Sudbury·Audio

France Gelinas rallies for Ontario's first French university

A push for a French university in Ontario continues as students from the Francophone community rally at Queen's Park Thursday.
Nickel Belt MPP France Gelinas introduced a bill for a francophone university last May. And now, she is pushing for a board of governors to help establish the institution. (Radio-Canada)
A rally is being held at Queen's Park in support of a francophone university in the province. Nickel Belt MPP France Gelinas is pushing for the creation of the school. She joined us to talk about why she'd like to see a francophone university in Ontario. 7:37

A push for a French university in Ontario continues as students from the Francophone community rally at Queen's Park tomorrow.

Nickel Belt MPP France Gelinas has been pushing for this since last May, when she introduced a bill for a Francophone university.

The bill was passed by the legislature last November. Now Gelinas is pushing for a board of governors to help establish the institution.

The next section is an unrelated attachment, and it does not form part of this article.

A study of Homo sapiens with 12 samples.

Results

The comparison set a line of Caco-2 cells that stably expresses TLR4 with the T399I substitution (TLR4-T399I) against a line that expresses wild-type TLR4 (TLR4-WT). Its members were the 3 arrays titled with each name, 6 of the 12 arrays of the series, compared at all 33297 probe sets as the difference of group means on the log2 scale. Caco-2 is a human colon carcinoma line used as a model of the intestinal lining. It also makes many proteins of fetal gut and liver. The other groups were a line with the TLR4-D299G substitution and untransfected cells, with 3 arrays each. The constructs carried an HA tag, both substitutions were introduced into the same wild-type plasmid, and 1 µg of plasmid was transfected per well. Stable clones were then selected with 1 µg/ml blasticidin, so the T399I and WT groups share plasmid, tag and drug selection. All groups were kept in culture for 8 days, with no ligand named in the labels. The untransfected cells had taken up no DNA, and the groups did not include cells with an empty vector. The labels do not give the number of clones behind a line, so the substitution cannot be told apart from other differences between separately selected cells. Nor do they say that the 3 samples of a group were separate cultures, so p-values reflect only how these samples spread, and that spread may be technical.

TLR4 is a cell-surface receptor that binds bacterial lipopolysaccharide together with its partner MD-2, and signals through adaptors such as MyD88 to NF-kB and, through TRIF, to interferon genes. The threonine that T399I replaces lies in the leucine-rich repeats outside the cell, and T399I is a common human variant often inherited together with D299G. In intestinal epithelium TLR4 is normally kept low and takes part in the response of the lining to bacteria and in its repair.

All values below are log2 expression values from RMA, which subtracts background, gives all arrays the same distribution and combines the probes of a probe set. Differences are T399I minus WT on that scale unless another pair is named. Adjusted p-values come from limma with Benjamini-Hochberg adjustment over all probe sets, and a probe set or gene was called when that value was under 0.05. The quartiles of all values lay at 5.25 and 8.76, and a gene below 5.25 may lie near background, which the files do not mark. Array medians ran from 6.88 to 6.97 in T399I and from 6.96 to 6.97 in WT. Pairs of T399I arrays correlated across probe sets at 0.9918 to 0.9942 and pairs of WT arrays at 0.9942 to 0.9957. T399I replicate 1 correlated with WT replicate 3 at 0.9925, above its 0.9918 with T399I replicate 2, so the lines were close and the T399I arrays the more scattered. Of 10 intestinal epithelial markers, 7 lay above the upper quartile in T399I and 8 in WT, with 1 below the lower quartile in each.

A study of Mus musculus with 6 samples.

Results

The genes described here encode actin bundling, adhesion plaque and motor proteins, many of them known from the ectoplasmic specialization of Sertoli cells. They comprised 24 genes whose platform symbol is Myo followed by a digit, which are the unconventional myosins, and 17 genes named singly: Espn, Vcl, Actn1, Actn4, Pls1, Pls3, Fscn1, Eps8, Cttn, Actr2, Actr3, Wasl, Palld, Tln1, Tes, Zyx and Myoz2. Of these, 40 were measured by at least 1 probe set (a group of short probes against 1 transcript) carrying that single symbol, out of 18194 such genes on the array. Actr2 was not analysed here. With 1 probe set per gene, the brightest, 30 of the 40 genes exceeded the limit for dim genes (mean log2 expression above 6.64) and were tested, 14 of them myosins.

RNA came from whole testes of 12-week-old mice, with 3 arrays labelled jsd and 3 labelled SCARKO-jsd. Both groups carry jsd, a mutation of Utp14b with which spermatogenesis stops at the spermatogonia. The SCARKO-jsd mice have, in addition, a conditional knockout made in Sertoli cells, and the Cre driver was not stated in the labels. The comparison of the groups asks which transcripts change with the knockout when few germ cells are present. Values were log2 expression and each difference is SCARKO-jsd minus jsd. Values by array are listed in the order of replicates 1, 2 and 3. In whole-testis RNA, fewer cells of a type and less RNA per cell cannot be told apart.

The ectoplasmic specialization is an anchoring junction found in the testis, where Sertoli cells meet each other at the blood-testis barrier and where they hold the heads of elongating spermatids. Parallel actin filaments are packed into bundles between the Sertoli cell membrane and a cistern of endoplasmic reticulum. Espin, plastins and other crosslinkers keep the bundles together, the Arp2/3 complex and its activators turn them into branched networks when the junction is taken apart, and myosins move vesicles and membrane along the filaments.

The school will help preserve French culture in the province, she said.

"Ontario is richer because we have Francophone people within our midst.  We have French schools that allow Francophones to maintain their language," she said.

"We have our primary schools, our secondary schools [and] we have our French colleges. It's only the completion of our education system so that we would have a French university."

Provincial money needed

Joel Belliveau, a history professor at Laurentian University who has studied Ontario's French population, said having a French university can help students learn their professions in another language.

While Franco-Ontarians are comfortable speaking English, "this is a chance however to learn our professions in French and come out of an institution knowing the vocabulary that's necessary in both languages," he said.  

Gelinas said she hopes the upcoming provincial budget will set aside some money to establish the new board of governors.

In an interview with CBC News last year, Gélinas said the university would likely have multiple campuses, so it could be accessible across the province.

She acknowledged there is a French language university in northeastern Ontario, Université de Hearst, but said a Franco-Ontarian university would be mandated to offer a full range of university degrees and programs in French.

"The Université de Hearst does not have the mandate to do this," she said. "Their board of governors … that created them … for a purpose, and the purpose is not to be a university for the entire province."